Lesson #0 - Test Driven JavaScript Development Basics

A unit test is an automated piece of code that invokes a unit of work in the system and then checks a single assumption about the behavior of that unit of work. A unit of work is a single logical functional use case in the system that can be invoked by some public interface (in most cases).

Or in human language, a unit test which tests code that has been isolated down to a point where external dependencies are not a concern.
Any external dependency should faked out or the code should be refactored so it doesn't depend on the external dependency.

What to Unit Test

Test code that you, or your team has written. Write tests to test the business rules. You don't need to test JQuery. You don't need to test if the correct events are attached to the DOM. You don't need to worry about AngularJS rendering your code right.

How Far Should You Test

Focus on writing tests to invoke "public" methods. These are methods the DOM will call, or if you have a JavaScript class, is exposed publicly. Don't test "private" or "internal" methods. This makes your tests brittle and makes your code very tricky to refactor.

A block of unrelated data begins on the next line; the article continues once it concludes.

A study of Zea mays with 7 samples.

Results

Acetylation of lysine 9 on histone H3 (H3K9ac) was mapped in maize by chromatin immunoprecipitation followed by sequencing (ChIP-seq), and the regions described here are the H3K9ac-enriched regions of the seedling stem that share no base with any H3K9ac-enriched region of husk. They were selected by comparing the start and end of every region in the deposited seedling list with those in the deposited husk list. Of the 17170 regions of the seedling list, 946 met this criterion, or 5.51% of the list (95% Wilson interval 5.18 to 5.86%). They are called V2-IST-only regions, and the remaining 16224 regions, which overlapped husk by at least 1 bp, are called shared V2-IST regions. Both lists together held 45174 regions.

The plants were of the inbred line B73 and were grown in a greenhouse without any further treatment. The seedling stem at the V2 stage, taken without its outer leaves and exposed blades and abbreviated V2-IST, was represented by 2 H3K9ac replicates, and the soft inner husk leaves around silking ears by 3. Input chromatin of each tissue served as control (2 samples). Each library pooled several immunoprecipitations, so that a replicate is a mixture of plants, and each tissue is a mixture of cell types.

Disclaimer: I am aware all JavaScript methods are public, but there are a few tricks you can do to indicate they are private.

Avoid Too Much Setup

If a unit test requires dozens of lines of setup code something might need to be refactored or faked out.

Mocks vs Stubs

Mock - asserted against

Stub - not asserted against

A stub is used when your code requires data from an external dependency. How your code handles and manipulates the data is what you need to test. A mock is asserted against. An example would be an AJAX call. You would assert against a Mocked AJAX call to make sure the data sent is correct. An object could be a stub in one test and a mock in another test.